LONDON (AlertNet) - As millions of people in Japan's tsunami-battered northeast spend a fourth night without water, food or heating in near-freezing temperatures, tens of thousands of relief workers are struggling to reach them.
Many of those rushing to deliver aid are members of Japan’s Self Defence Forces, Japanese Red Cross volunteers or local search-and-rescue teams. Some international aid workers have travelled to Japan to offer specialist help but the bulk of the response is a home-grown effort.
How is the humanitarian relief effort being coordinated after a disaster the prime minister has called Japan’s worst crisis since World War Two?
Who’s in charge?
As in any emergency, the government is the sole authority responsible for looking after its population. It is in charge of coordinating and organising rescue operations with the support of its army, civil protection units and sometimes international actors.
Japan has asked for limited support from other countries in the form of a few search-and-rescue teams, but mostly the world’s third-largest economy has the wherewithal to cope with the crisis on its own.
What’s the role of the army?
In most countries hit by major natural disasters, the military plays a significant role in providing relief. Often the army is the only body with the logistical means - planes, helicopters, all-terrain vehicles and so on - to reach and rescue survivors. It can deploy large numbers of forces within hours and shift vast quantities of relief supplies.
In Japan, the government has mobilised 100,000 Self Defence Force troops to deliver food, water and fuel.
What about local communities?
After any disaster, members of the affected communities are the first to provide help. Long before search and rescue teams have arrived, friends, neighbours, relatives and local volunteers have pulled many people from the rubble, provided first aid and called for help.
In Japan, the population has been trained for decades on what to do in case of earthquake and tsunamis. Community-based disaster response groups known as “jishubo” are well equipped to rescue trapped survivors, guide people to evacuation centres and supply food and water.
What about the Red Cross?
The Japanese Red Cross has more than 15 million individual members and runs almost 100 hospitals and dozens of blood centres nationwide. Red Cross volunteers play a key role in keeping people alive by providing immediate first aid.
The Japanese Red Cross is a member of the International Federation of Red Cross and Red Crescent Society (IFRC) and can call on support from the federation. An IFRC team is on the ground in the disaster zone helping to assess needs.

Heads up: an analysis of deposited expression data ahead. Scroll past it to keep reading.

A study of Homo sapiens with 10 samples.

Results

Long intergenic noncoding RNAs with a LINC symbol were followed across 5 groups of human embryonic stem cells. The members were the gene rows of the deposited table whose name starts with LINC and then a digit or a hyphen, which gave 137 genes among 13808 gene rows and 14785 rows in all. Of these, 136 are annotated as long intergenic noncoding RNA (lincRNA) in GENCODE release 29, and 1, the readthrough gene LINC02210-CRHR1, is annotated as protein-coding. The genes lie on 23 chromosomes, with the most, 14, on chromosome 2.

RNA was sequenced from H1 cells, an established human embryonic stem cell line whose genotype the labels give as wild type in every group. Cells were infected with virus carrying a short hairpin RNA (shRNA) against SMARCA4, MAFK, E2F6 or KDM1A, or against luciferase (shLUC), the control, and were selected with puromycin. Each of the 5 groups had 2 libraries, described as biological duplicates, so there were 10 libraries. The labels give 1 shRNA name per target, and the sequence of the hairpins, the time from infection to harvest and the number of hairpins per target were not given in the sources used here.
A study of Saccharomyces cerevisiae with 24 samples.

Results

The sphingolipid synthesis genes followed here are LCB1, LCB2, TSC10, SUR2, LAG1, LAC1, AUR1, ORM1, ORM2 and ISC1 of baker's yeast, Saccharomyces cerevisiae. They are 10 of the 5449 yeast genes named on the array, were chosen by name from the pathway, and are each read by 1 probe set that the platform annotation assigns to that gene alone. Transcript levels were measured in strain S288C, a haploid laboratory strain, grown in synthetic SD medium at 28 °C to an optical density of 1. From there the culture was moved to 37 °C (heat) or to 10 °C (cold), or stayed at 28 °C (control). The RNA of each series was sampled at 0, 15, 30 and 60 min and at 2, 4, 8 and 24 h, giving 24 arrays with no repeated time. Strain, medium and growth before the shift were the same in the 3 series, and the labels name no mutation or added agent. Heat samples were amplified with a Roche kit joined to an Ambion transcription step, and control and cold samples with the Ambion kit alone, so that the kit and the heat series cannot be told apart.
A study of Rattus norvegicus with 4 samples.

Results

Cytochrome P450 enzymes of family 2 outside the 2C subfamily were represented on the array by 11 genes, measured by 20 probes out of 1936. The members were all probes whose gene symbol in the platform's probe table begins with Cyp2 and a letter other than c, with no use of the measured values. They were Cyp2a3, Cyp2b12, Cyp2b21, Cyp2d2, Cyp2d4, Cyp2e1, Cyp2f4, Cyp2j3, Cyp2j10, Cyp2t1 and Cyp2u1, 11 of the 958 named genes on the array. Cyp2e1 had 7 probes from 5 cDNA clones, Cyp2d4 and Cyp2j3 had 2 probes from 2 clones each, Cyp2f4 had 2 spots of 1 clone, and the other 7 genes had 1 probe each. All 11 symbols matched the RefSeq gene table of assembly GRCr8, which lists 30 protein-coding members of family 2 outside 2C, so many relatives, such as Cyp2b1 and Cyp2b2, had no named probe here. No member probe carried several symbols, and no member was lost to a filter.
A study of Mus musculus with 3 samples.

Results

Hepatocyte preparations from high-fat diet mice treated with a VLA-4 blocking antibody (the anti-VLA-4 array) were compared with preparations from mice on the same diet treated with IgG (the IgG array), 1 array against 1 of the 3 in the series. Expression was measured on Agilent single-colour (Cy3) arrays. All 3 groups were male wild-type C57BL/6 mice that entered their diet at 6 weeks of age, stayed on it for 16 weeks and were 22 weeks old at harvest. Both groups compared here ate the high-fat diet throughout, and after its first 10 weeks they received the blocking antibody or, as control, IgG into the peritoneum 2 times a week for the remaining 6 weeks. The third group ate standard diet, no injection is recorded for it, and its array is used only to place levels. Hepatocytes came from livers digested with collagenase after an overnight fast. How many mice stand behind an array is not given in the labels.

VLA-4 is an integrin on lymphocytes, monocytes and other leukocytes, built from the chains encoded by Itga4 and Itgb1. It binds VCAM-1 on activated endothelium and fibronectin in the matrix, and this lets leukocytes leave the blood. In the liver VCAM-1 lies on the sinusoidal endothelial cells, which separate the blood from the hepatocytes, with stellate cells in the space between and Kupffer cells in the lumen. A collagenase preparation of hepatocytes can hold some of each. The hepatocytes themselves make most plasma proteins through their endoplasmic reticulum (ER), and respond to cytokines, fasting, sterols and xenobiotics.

When do international players step in?
When a country lacks the capacity to deal with an emergency, it can ask for help from the international community. That is what happened in Haiti after the January 2010 earthquake, when scores of international groups ranging from big U.N. agencies and non-governmental organisations to tiny faith-based charities scrambled into Port-au-Prince.
Countries don't always ask for assistance even if they need help. After Cyclone Nargis tore through parts of Myanmar in 2008, for example, the ruling junta did not issue an appeal for international help despite scale of the crisis.
The government is the only authority that can request or accept international assistance.
Why hasn’t Japan requested help?
As one of the most developed countries, and no stranger to natural hazards, Japan has the capacity to deal with massive emergencies. It is probably the most advanced nation in the world when it comes to coping disaster risk reduction – everything from quake-proofing buildings to running sophisticated early warning systems.
Nevertheless, Japanese authorities have accepted international support in a few specific areas – particularly from search and rescue teams and nuclear specialists. Cooperation agreements are made on a case-by-case basis with individual countries and international organisations.
Which countries are supporting the relief effort?
Ninety-two countries have offered some form of assistance ranging from monetary and in-kind donations to medical, logistical and military support. While many nations have sent in specialist teams, the United States has offered part of its Pacific fleet of ships and plane carriers to organise rescue operations.
Why can’t the United Nations provide help?
The United Nation is an intergovernmental organisation made of 192 states, and its members have so far given priority to direct bilateral cooperation with Japan over multilateral cooperation via U.N. agencies.
U.N. agencies such as the World Food Programme and UNICEF can only operate in a country under the coordination of the government. So far the Japanese government has not requested support from U.N. agencies.
However, a U.N. Disaster Assessment and Coordination (UNDAC) team has arrived in Japan to support the government in its emergency response operations in what it describes as a “targeted” way. UNDAC teams usually deploy to help coordinate the influx of international players, but that seems unlikely to happen in Japan.
Why aren’t more international NGOs piling in?
Given Japan’s capacity for dealing with major catastrophes, there is little role for international NGOs to play other than in specific ways not yet covered by the authorities. Most international NGOs in Japan are focusing on getting to especially remote areas or providing specialist help to the elderly or young children.